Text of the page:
Women Incarcerated for Self-Defense
According to studies, it is estimated that approximately 77 percent of female criminal defendants are abuse victims, meaning that women are being sent to prison in droves for simply acting in self-defense. Take, for example, LeToya Ramseure, who fatally shot her ex-boyfriend in self-defense, but faced criminal charges as a result and, because she could not post bail or afford an attorney, ended up going to prison. Or the case of Cyntoia Brown, who was released after spending 15 years of a life sentence in prison after killing the man who kept her as a teenager sex traffic victim.
In some of these cases, those responsible for the arrests and prosecutions blatantly ignored active protection orders in place; evidence that these individuals were victims of domestic or other types of violence and crimes against them. The problem also exists at the arrest stage: Today, the arrest rates for women are highest for offenses that include criminal mischief, harassment, local ordinance violations, and public disorder, as well as substance abuse, minor property crimes and simple assault. In fact, without a strong criminal defense attorney advocating for them, many of these women are wrongfully arrested and charged and the proper evidence and testimony is never presented at trial.
The Rule Rather Than the Exception
Indeed, the rates of criminalization of those who have survived domestic and/or sexual violence and the extreme sentences that they often face are appalling, and often include life without the possibility of parole. They include women who were found guilty of abducting their own children after attempting to protect themselves and their children from abusers, booked for criminal aggravated assault and attempted murder after escaping an attack by driving away from the assailants and striking one of them in the process, prosecuted for aggravated assault with a deadly weapon after shooting at a wall in an attempt to escape an attacker, and a number of similar stories like these.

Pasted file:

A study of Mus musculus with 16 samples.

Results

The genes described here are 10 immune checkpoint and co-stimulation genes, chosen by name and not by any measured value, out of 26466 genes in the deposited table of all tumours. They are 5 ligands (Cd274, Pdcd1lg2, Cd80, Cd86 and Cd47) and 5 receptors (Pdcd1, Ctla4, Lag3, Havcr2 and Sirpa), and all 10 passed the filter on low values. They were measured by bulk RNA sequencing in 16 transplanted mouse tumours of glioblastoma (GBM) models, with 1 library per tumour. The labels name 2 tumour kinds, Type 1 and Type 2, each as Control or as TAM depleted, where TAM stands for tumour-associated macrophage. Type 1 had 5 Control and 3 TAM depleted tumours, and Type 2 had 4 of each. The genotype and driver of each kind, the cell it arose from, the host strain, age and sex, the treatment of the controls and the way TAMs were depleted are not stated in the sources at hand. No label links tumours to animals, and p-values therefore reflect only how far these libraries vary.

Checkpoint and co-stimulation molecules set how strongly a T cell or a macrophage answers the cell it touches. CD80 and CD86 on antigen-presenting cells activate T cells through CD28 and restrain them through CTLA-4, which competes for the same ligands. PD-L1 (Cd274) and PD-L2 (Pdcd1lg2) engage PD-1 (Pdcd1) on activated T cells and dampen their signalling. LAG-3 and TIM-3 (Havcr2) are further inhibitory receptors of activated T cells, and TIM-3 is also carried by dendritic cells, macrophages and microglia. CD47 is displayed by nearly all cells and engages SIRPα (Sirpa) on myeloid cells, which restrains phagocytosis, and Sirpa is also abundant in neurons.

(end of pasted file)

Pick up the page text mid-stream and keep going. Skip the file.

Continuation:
In lieu of custodial arrest, some law enforcement agencies are employing the following methods in an attempt to avoid taking someone into custody after arrest:
- Declining to arrest individuals for certain low-level “quality of life” crimes such as misdemeanor nuisance offenses
- Issuing citations for certain low-level offenses such as driving with a suspended license
- Directing individuals suffering from a mental health crisis to services rather than arresting them
- Providing pre-booking diversion programs for certain low-level offenses related to poverty, substance abuse, and/or mental illness
If You Are Facing Charges, Contact Our Experienced Criminal Defense Attorneys
If you are facing criminal charges after acting in self-defense, it is crucial that you work with an experienced defense attorney who can ensure that your rights are protected and you do not pay for a crime when you are innocent. If you have any questions, contact the experienced Orlando criminal defense attorneys at The Baez Law Firm today for a consultation.